Public Health Group Calls for Action to Curb Opioid Abuse

Kathleen Louden

November 20, 2015

CHICAGO — Reducing the abuse of prescription painkillers in the United States will require multiple legislative and educational strategies at the local, state, and national levels, according to a new policy statement from the American Public Health Association (APHA).

"The APHA's existing policy focuses predominantly on naloxone distribution programs to reverse the effects of opioid overdose," Cynthia Stone, DrPH, RN, a member of the APHA Nursing Section, which sponsored the statement, told Medscape Medical News.

The APHA is the latest healthcare organization to call for greater action to decrease what it calls an epidemic of unintentional overdose deaths due to prescription painkillers, especially opioid analgesics.

The Prevention and Intervention Strategies to Decrease Misuse of Prescription Pain Medications policy statement was announced here at the APHA 2015 Annual Meeting after it was adopted by the association's Governing Council. It will be published on the APHA website early next year.

The statement encourages wider access to naloxone for first responders, family members, and friends of people who may be misusing opioids, and proposes more wide-ranging initiatives to prevent the misuse and abuse of prescription painkillers.

Educating Practitioners, Patients, and the Public

The policy statement suggests action steps for healthcare providers, legislators, and the public.

For practitioners, it advises the implementation of evidence-based provider training programs on mental health, substance abuse and overdose prevention, risks and benefits of high-dose opioid therapy, nonpharmacologic alternatives to pain treatment, and referral and treatment for suspected drug abuse.

It also suggests that continuing education be provided at the time of licensing renewal, that pain management be coordinated with complementary and integrative care providers, and that state-based prescription drug monitoring programs be used before and routinely after the prescription of pain medications.

And it supports the education of patients and the public about the need to take prescription pain medicine as ordered, and to not share medications, to store them in a secure location, and to properly dispose of any leftovers.

The medicine cabinets of family and friends "are a primary source for sharing and stealing opioids," Dr Stone said.

Many states recommend that providers use prescription drug monitoring programs. Dr Stone said that the statement developers would like to see these programs be a requirement. She added that providers "need to be educated on referral and treatment options" when the program identifies a concern.

Best Practices for Prescribing Pain Medication

 
Don't prescribe a month's worth of pills for an acute, short-term condition.
 

Providers also need to use best practices when prescribing pain medication. For instance, "don't prescribe a month's worth of pills for an acute, short-term condition," she explained.

"We advise that practitioners start with non-narcotic pain medications and nonpharmacologic agents, such as acupuncture and chiropractic treatment, if appropriate, before prescribing opioids," Dr Stone said.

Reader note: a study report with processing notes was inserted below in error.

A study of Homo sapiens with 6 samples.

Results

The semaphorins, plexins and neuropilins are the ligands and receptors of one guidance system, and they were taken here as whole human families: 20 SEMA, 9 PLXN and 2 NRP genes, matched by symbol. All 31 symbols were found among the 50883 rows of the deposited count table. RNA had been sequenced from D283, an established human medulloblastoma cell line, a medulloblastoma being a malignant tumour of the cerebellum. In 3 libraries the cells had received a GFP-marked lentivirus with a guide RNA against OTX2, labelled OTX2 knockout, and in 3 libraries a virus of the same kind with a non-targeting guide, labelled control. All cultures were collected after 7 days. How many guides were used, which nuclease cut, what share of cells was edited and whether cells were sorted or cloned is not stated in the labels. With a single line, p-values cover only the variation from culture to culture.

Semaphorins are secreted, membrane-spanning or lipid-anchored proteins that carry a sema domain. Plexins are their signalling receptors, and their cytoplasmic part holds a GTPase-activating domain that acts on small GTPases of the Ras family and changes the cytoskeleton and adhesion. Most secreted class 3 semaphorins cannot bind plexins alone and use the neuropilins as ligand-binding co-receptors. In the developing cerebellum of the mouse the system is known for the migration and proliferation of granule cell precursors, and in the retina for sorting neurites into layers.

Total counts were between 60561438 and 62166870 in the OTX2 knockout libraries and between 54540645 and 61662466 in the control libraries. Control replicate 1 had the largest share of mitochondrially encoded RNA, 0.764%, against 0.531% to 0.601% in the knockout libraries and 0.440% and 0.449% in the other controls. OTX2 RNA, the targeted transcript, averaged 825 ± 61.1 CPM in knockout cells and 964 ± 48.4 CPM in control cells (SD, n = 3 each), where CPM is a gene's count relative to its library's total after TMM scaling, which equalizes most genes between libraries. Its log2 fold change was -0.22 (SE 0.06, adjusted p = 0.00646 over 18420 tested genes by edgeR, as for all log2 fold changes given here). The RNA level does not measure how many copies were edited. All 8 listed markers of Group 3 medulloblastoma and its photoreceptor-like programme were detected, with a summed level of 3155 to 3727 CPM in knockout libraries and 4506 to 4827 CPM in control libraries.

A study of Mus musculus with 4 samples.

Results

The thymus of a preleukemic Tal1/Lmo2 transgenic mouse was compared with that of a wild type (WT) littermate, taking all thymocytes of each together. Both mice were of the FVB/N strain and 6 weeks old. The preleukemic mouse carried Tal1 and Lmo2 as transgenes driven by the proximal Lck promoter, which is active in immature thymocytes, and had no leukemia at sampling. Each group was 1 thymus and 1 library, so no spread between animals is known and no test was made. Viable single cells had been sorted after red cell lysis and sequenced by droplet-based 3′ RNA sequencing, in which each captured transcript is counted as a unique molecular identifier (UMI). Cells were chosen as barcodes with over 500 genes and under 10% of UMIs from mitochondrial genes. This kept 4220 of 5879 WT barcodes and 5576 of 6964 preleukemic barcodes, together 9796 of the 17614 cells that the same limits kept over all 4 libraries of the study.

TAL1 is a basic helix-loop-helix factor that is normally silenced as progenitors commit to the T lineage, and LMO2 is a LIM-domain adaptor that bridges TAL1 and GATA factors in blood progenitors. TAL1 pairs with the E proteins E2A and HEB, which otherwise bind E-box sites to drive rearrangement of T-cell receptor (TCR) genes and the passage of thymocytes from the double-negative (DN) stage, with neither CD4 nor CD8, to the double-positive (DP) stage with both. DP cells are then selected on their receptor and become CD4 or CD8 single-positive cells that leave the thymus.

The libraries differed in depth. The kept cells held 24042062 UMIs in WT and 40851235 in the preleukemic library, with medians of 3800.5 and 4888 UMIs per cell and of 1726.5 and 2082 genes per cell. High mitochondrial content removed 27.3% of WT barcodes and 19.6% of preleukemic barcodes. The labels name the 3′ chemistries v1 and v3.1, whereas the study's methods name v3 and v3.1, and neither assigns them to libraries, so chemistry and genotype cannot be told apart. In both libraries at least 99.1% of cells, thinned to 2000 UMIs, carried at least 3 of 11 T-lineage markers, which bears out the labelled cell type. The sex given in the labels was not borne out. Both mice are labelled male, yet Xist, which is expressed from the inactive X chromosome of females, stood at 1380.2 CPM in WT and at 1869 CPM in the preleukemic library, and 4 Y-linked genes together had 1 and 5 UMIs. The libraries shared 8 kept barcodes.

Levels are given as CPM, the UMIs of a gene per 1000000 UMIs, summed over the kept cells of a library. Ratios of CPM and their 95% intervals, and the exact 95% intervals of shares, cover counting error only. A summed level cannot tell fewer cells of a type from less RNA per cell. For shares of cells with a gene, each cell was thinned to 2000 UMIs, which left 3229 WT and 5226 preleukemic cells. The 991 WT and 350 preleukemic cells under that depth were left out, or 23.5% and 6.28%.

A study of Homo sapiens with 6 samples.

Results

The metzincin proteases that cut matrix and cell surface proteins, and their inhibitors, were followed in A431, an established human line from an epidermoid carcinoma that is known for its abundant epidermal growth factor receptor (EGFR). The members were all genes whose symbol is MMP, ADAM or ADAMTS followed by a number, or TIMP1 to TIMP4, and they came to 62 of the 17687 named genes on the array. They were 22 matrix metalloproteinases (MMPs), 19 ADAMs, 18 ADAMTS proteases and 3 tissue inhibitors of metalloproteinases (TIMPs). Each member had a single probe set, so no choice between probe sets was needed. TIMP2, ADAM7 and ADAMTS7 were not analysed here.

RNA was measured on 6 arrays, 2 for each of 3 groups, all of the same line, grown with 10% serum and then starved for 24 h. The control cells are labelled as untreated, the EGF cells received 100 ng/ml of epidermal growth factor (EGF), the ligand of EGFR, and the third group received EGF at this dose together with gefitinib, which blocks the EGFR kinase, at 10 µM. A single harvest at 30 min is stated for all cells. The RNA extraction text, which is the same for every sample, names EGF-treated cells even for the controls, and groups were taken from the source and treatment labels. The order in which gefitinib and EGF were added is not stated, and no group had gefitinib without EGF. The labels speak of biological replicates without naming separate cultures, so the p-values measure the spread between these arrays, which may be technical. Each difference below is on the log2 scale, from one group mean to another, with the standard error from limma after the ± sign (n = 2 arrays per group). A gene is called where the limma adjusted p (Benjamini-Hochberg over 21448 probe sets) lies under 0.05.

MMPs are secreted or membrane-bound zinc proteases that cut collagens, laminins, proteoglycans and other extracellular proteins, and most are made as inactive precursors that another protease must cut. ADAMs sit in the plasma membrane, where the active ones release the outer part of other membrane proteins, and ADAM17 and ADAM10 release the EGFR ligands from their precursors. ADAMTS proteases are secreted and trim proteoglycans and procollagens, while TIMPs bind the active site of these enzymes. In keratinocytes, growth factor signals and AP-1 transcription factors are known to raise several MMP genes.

One of the steps directed at state legislators proposes that providers be required to perform mental and physical examinations before prescribing pain medications. Another recommendation is to pass more state laws to prevent "doctor shopping," the practice of visiting multiple physicians to gain prescriptions for painkillers.

Dr Stone acknowledged, however, that doctor-shopping laws could impede access for patients who legitimately need prescription pain medicine.

The statement provides solutions to this problem. It suggests that policy initiatives focus on both the supply and demand of prescription painkillers and pay greatest attention to the populations that most frequently misuse and abuse prescription drugs.

These populations, according to the statement and the Substance Abuse and Mental Health Services Administration, include young adults, veterans, military service members, and adults 50 years and older.

Policy Needs More Specifics

"Before a provider prescribes a medication, obtaining a history and physical examination is the standard of care and is required for prescribing opioids," said Edward Michna, MD, director of the Pain Trials Center at Brigham and Women's Hospital and a director at large for the American Pain Society.

"Seeing a psychiatrist or psychologist for a formal mental health evaluation is not practical from a clinical practice standpoint, certainly not if the prescription is for an acute injury," he told Medscape Medical News.

 
The way to address doctor shopping is by requiring use of the state prescription drug monitoring program.
 

Dr Michna, who was not involved in the development of the policy statement, said he disagrees with the recommendation for more doctor-shopping laws. "I think the way to address doctor shopping is by requiring use of the state prescription drug monitoring program," he said.

Although Dr Michna said he would like to see the policy statement better define provider education, he agrees that provider education should be part of state licensing.

Dr Stone reported that the APHA plans to form an interdisciplinary group of "policy champions" to prioritize and work on some of the proposed action steps.

APHA policy statements help shape the association's stance on public health topics and serve as a resource for its staff, members, affiliates, partners, and policymakers.

Dr Stone and Dr Michna have disclosed no relevant financial relationships.

American Public Health Association (APHA) 2015 Annual Meeting. Presented November 3, 2015.